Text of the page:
I am not generally one to add abstract designs to my pots, but for whatever reason, on this particular day, I decided to give it a go. I have to admit, I was not happy with it at first & I was sooooo tempted to recycle it when it was in it's wet state, but a few people in class said some things that made me decide to keep it.
I cut the lid just after the photo above, and the pot began it's drying process.
Unfortunately, this is what happened as it dried~ the lid & pot dried in different directions.
I don't know why this happens exactly, but I find when I make lidded pots w/ the Micaceous Clay, the lids tend to warp. It doesn't happen every time, but I'd say with me, it happens about 1/2 the time. I've tried drying the lid with the pot, drying the lid upside down with support, and then a combination of the two. I think it is just the unpredictability of working with real, honest to goodness natural, directly "of the earth" clay. Or maybe it's just me! But I digress. This presented a challenge, and it seems I am always up for one (ha ha) so I figured I'd give it a go at repairing it.
That is one thing I love about working with Micaceous Clay... you can do repairs when it is bone dry... something you cannot easily do with commercially processed "regular" clays. It is, however, a rather tedious process. I started with water scraping & sanding down the high points. Then I began the slow process of rebuilding the rim by wetting the pot & very gradually adding more clay. You can only add a teeny bit at a time, then you must let it dry, and repeat this step over & over until it comes close to fitting.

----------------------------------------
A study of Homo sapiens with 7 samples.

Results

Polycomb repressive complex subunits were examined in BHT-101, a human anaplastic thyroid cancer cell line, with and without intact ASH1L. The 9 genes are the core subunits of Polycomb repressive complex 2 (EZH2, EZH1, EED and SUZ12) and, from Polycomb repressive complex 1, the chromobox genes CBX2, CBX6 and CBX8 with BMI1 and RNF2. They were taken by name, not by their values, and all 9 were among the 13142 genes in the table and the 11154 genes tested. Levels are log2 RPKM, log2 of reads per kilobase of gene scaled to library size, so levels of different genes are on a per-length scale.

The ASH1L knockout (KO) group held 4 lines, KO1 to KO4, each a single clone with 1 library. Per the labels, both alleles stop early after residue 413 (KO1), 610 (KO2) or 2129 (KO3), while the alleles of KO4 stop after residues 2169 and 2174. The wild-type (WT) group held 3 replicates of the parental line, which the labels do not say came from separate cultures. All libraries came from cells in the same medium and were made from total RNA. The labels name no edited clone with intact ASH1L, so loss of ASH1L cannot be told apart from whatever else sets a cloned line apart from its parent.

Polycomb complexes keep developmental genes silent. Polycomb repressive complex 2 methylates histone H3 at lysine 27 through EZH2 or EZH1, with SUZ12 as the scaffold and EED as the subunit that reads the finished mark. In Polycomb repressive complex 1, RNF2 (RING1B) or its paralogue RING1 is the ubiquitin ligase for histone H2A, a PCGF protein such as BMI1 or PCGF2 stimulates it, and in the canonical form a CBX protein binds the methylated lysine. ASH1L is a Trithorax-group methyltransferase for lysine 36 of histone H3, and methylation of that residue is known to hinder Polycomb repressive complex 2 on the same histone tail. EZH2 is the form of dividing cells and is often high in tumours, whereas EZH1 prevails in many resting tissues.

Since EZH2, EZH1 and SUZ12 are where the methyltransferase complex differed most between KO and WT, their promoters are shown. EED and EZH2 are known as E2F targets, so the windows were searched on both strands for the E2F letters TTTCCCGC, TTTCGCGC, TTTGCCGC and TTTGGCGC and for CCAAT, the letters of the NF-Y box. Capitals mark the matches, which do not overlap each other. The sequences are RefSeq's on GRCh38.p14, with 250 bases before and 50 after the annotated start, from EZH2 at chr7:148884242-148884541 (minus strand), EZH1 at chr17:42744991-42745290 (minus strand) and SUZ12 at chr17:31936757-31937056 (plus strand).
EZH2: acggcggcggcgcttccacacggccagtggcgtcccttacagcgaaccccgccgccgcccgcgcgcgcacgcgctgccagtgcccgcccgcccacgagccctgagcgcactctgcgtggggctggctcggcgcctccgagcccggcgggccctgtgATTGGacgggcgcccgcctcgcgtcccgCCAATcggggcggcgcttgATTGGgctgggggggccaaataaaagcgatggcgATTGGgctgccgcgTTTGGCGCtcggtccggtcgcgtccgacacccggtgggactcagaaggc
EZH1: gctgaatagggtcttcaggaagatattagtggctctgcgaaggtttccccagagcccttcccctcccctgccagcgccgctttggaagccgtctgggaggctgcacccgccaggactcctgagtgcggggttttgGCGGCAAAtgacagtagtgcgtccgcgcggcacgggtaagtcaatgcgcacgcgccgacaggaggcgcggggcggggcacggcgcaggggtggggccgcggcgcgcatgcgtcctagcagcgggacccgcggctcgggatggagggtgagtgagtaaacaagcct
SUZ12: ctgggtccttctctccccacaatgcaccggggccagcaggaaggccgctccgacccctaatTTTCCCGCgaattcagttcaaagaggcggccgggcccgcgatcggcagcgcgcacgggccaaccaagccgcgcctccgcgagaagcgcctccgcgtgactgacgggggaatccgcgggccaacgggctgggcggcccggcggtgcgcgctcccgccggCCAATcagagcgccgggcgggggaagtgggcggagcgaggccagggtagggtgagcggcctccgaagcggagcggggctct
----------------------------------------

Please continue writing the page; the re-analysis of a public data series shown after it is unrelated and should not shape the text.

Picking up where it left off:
Then you must sand, adjust, add more clay if needed. I worked on this pot little by little over the course of several weeks.
Here it is after all that work~ all sanded & ready to polish. The lid fit was not quite perfect (I am a stickler for the perfect lid fit!) but pretty close. I figured it was as close as I was going to get.
Polished pot with a fine Micaceous Slip. At this point it went into the bisque & awaited the final firing. I knew with this pot, I would want to do Raku for the 2nd firing, and as luck would have it, we did 2 Raku firings on the last day of class! Yay!
Below are the results.
Hand dug Micaceous Clay
Hand Coiled, Sculpted, Scraped, Sanded, Polished.
Low Fire Bisque/Raku/Reduced
|*Double Click on any Photo for greater detail :)|
I've included many angles, as I do, to show the delicious effects of the Raku firing on Micaceous Clay. I'm in love with Raku & reducing pots... I find the effects to be simply wonderful! The lid did warp just the tiniest bit during the final firing... just enough so that again the lid does not fit just perfectly. But with clay, just as with life, things aren't alway perfect... & sometimes those little imperfections are what make life more interesting.
** We just finished firing the rest of our Micaceous Pots this weekend... I'll post the results just as soon as I have time to photograph them properly!